While trying to understand how prices move in different markets, technical analysis pioneers have discovered that the price often moves in a certain direction after forming a certain pattern. This discovery has soon turned into a trading discipline, commonly used by traders nowadays.

There are a lot of chart patterns you can use in your technical analysis, but they all follow the same logic: the support trend line is at the bottom, and the resistance trend line is at the top. All the patterns are generally divided into 3 main categories:

Essentially, every group is used to predict whether the price will continue to move in the same direction as before the pattern started. Let’s see how each one of them works.

Reversal chart patterns 

Reversal chart patterns are likely to indicate that the trend is about to change its direction.

Here are some of the most common reversal chart patterns:

These price patterns are made of 2 peaks or 2 drops, where the price bounces between support and resistance levels and then breaks out, moving in the opposite direction from the previous trend.

Double Top and Double Bottom Chart Patterns on Deriv

These 2 patterns are very similar to double top and double bottom but are made of 3 price peaks or drops, with the biggest one in the middle. After the third one, the price tends to break out and move in the opposite direction from the previous trend as well.

Head and Shoulders Chart Patterns on Deriv

Continuation chart patterns

Continuation chart patterns tend to signal that the trend will resume its previous direction.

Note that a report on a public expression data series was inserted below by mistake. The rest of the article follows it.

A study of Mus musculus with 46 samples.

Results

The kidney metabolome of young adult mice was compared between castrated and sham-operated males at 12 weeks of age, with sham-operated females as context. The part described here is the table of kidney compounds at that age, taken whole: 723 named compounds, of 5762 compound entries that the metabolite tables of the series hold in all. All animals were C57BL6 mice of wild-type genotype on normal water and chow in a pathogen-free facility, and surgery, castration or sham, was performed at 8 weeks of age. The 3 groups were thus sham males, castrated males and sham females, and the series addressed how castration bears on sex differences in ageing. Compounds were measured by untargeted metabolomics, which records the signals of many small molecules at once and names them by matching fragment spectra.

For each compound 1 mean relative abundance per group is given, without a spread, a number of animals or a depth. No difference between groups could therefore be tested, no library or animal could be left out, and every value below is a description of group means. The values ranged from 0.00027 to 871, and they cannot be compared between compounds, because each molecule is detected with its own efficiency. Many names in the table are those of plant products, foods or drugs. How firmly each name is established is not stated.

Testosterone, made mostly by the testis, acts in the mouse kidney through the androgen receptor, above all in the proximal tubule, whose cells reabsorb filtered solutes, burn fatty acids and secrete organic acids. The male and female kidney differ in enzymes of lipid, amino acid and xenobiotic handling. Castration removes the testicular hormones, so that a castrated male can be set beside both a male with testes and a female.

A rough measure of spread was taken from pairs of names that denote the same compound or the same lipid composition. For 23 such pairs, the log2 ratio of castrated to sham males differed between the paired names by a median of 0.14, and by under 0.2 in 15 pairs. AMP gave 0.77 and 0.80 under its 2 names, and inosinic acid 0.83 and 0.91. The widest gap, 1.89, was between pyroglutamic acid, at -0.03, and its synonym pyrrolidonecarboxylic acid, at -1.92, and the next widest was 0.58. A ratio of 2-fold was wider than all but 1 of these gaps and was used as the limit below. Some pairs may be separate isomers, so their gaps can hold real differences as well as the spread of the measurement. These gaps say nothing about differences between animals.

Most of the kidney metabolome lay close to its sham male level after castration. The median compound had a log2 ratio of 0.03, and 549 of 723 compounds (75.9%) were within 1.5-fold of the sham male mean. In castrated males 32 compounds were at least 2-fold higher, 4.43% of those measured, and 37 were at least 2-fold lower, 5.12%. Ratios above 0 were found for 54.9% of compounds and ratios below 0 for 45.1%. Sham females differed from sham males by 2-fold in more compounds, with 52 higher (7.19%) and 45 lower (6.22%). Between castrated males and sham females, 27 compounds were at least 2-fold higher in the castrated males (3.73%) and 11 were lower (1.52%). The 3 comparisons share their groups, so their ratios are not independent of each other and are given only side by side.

Here are some of the most common continuation chart patterns:

The flag chart pattern is made of a distinct flag ‘pole’, which indicates the previous trend, and 2 parallel lines – support and resistance, that suggest either rising (bullish) falling (bearish) upcoming price movement. Once the price breaks through one of the lines, it tends to follow the direction of the previous trend.

Flag Chart Patterns on Deriv

The pennant chart pattern is very similar to the flag. It also has a well-defined ‘pole’, but its support and resistance trend lines meet in the middle horizontally. The price usually breaks out, following the direction of the previous trend.

Pennant Chart Patterns on Deriv

The wedge chart pattern is very similar to the pennant, but its support and resistance trend lines can be rising or falling instead of meeting strictly in the middle of the pattern and forming a horizontal shape. In either case, the price is highly likely to move in the same direction as a previous trend.

Wedge Chart Patterns on Deriv

Bilateral chart patterns

The bilateral chart patterns give 50/50 chances of the trend reversing or continuing, which gives traders an excellent opportunity to place 2 trades simultaneously.

All 3 types of bilateral patterns resemble the previously described continuation patterns, with 3 significant differences:

Triangle Chart Patterns on Deriv

How to improve your trading strategy using chart patterns?

Having a clear idea of how these basic chart patterns work will help you predict where the price is going to move next more accurately. Professional traders use a wide range of patterns, but the trading strategy is the same, whichever pattern you find in your price chart. As soon as the price breaks out of the resistance or support line, you place your buy or sell trade, based on the predicted direction.

However, it’s important to keep in mind that while these patterns can help indicate a market’s future price movement, they are still only predictions and don’t give you 100% accuracy. There is always a chance of a false breakout when the price breaks through the line and then returns shortly after without forming a new trend. 

Consequently, you should carefully assess your risk and practise on a risk-free demo account before trading with real money. And if you want to take your technical analysis skills one step further, in our next blog post, we will walk you through the automatically calculated tools to help you refine your trading strategy.